CHICAGO (AP) — A dashcam video of another 2014 fatal shooting of a black man by a Chicago police officer has become public, with Cook County's top prosecutor explaining in unusual detail her reasons for not charging the officer. Here are the key parts of the case:
Anita Alvarez, the county state's attorney, cited "the totality of the evidence" when announcing Monday that she would not charge Officer George Hernandez in the death of 25-year-old Ronald Johnson III. Hernandez shot Johnson in the back as he fled from officers.
The shooting occurred just eight days before Officer Jason Van Dyke, who is white, shot 17-year-old Laquan McDonald, who was black, 16 times. Alvarez charged Van Dyke with first-degree murder last month, hours before the release of dashcam video of McDonald's death, which led to days of protests and the ouster of the city's police chief.
On Monday, Alvarez's news conference came about two hours after the U.S. Justice Department announced it would investigate the Chicago Police Department for patterns of racial disparity in the use of force in the aftermath of McDonald's shooting.
Johnson's family and its attorney rejected Alvarez's decision, calling it a "joke" and dismissing authorities' assertions that Johnson was armed. They have sued the city over the death.
Alvarez said officers encountered Johnson after responding to reports of shots fired in a city neighborhood. She played 911 calls and radio traffic among officers as a way of explaining what Hernandez knew about the scene when he arrived: Shots had been fired and men with guns could be seen running into a building.
Alvarez said Hernandez would have been able to see a man struggle with a plainclothes officer before breaking away and fleeing on foot and could hear officers shouting for the man — Johnson — to stop and drop his weapon. He was running in the direction of other officers. Hernandez fired five times, Alvarez said, hitting Johnson twice.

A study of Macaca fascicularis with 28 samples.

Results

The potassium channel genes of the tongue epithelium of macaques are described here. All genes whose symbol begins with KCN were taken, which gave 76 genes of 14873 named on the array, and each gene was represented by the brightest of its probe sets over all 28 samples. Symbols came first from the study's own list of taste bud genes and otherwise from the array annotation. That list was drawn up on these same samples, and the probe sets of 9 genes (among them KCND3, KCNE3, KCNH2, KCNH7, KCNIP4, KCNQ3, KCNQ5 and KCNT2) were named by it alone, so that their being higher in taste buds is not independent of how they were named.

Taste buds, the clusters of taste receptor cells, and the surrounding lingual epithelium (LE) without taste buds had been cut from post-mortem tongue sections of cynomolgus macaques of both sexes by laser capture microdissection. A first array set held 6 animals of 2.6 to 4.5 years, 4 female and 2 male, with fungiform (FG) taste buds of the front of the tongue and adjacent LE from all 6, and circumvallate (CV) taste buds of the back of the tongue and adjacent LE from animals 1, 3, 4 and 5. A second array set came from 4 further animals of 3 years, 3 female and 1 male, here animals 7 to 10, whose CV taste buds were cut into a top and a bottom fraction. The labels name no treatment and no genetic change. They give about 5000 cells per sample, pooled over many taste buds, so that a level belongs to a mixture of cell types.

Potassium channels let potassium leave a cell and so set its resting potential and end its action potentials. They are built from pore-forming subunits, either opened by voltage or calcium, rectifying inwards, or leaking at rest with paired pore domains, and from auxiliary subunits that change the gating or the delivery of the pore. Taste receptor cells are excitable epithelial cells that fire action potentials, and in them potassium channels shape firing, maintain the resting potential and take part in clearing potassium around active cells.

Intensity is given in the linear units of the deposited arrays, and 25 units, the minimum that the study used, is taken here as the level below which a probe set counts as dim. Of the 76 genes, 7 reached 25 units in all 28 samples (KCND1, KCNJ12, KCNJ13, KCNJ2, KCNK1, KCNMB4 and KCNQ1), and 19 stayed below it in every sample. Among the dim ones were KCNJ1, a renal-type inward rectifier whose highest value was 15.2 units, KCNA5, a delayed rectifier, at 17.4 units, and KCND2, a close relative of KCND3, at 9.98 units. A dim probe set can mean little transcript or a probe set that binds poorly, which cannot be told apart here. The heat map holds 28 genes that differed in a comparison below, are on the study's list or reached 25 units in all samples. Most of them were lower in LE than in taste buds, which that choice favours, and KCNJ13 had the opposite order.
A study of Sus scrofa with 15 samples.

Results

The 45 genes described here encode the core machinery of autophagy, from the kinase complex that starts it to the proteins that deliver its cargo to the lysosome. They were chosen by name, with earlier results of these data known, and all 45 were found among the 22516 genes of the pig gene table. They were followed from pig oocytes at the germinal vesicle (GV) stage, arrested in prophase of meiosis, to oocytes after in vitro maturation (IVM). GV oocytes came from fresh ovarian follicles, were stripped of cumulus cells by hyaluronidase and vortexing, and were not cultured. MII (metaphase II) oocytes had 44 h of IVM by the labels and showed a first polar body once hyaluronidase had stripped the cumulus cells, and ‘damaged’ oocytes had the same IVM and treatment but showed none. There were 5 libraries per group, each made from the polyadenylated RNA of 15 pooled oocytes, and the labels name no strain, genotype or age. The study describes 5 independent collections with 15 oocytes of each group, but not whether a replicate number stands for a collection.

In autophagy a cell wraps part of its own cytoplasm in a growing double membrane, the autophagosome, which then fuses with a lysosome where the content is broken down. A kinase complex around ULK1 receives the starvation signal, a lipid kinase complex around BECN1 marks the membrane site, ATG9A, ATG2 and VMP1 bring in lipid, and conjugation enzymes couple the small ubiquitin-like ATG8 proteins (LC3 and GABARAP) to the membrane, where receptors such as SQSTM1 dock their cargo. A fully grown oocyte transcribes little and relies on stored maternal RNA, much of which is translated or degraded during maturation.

Digital images of Johnson's hand show he was holding something, though it is unclear what, Alvarez said. She also added that DNA recovered from a gun found next to Johnson's body matched Johnson's DNA, and a matching bullet was found in a car where Johnson was sitting earlier that night.
It's rare for Alvarez to go to such lengths to explain why charges were not warranted, but she has come under heavy criticism in recent weeks for waiting more than a year to charge Van Dyke.
Before showing the dashcam video in the Johnson case, she and Assistant State's Attorney Lynn McCarthy showed a long PowerPoint presentation that included radio communications and maps of the part of the city where the shooting happened. There were photographs of the gun she said was recovered near Johnson's body in a grassy area of a park, and digitally magnified images of Johnson's hand while he was running to show he was holding an object.
She also, unusually, showed a video of an unrelated shooting incident to illustrate her point that an officer could be in fear for his life from a man running away; it showed an assailant shooting an officer over his shoulder.
The attorney representing Johnson's family countered Alvarez's video presentation with one of his own later Monday — including parts of video and audio of a deposition that he took from Hernandez a month ago.
Attorney Michael Oppenheimer, who represents Johnson's mother, Dorothy Holmes, dismissed Alvarez's presentation as an "infomercial," said a witness was coerced into false testimony and said the investigation Alvarez relied on was incomplete and didn't include comments from key witnesses — including Hernandez himself.
The audio Oppenheimer presented of what he said was Hernandez's deposition had the officer saying that he wasn't concerned about charges being filed against him. Oppenheimer also suggested that police could have planted the gun found next to Johnson's body.
Alvarez spokeswoman Sally Daly said in an emailed statement Monday evening that the Cook County state's attorney's office reviewed "all statements" made by Hernandez, including in his deposition. She said the witness Oppenheimer claimed was coerced gave a videotaped statement to the office and a taped audio statement under oath to the Independent Police Review Authority.
Daly said Oppenheimer is suing the city for monetary damages and "that must be considered in the context of these allegations."
Organizers said late Monday that roughly 50 to 100 protesters were marching and rallying on the city's South Side. Some chanted for Alvarez and Mayor Rahm Emanuel to step down.